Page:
Morella pensylvanica (bayberry), New Jersey, D. Benson
Understory Ceanothus velutinus, Sierra Mountains, D. Benson
Elaeagnus angustifolia Sevier Co., Utah. J.S. Peterson, USDA-NRCS PLANTS Database
Actinorhizal plants are a diverse group of woody species found on all continents (except Antarctica). Many are common plants, like alder, bayberry, sweet fern, etc. that one might pass every day. Others live in remote parts of the world.
Most actinorhizal plant species are pioneers on nitrogen-poor soils. They colonize "new" soils behind retreating glaciers, after volcanic eruptions, in new sand dunes after coastal erosion or clear cuts in the forest. They are abundant in temperate forests (Alnus sp.), in dry chaparral and matorral (Ceanothus, Colletia, Trevoa, Chamaebatia, Cercocarpus, Purshia), in coastal dunes (Casuarina, Myrica, Hippophae), and in some alpine communities (Alnus) and cool climates (Alnus, Dryas) such as in Scandinavia, Canada, Alaska or New Zealand where legumes are insignificant or absent. They help to establish and maintain forests and shrublands, particularly on occasions where climate change or human activities disrupt ecosystems.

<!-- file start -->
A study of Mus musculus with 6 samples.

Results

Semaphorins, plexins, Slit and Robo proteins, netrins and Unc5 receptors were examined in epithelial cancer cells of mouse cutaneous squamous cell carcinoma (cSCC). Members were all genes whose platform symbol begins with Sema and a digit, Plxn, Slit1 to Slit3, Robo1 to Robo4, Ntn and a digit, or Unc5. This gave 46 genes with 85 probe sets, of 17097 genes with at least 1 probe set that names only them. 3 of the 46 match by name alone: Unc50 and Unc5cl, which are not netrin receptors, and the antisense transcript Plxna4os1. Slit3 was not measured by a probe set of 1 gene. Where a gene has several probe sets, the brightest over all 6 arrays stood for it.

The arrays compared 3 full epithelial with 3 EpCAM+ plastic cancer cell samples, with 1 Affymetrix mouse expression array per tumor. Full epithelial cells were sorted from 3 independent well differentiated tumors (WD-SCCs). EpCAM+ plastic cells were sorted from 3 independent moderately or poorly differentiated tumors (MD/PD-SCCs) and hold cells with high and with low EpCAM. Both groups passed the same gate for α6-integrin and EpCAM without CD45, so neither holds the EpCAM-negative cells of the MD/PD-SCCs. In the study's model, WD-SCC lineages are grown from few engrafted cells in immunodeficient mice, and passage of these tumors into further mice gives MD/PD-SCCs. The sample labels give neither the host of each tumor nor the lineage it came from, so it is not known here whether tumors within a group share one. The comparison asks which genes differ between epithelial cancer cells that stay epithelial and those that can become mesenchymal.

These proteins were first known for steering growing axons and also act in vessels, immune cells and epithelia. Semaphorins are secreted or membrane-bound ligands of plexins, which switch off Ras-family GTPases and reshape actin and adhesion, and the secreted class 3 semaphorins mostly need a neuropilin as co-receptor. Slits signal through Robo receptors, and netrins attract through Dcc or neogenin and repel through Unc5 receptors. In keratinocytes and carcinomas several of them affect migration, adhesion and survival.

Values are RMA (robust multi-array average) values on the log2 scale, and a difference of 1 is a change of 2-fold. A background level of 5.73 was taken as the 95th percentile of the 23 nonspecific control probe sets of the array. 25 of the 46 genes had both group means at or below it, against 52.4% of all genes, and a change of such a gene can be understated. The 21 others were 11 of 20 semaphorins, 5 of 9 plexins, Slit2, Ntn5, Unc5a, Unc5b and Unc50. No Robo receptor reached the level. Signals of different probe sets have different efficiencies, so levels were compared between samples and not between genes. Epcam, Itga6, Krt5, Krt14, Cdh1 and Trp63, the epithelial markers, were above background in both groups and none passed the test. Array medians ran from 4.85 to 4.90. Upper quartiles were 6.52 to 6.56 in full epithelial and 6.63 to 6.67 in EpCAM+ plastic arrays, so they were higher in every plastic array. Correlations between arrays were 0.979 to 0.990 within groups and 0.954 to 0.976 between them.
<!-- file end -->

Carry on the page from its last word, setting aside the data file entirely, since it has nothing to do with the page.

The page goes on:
Some actinorhizal plants can be used as sources of biomass for generating energy or for carbon storage; some have been used for remediating stressed or contaminated soils.
The availability of Frankia genomes is helping to clarify the evolution of prokaryote/plant symbioses, environmental and geographical adaptation, metabolic diversity and horizontal gene flow among symbiotic prokaryotes.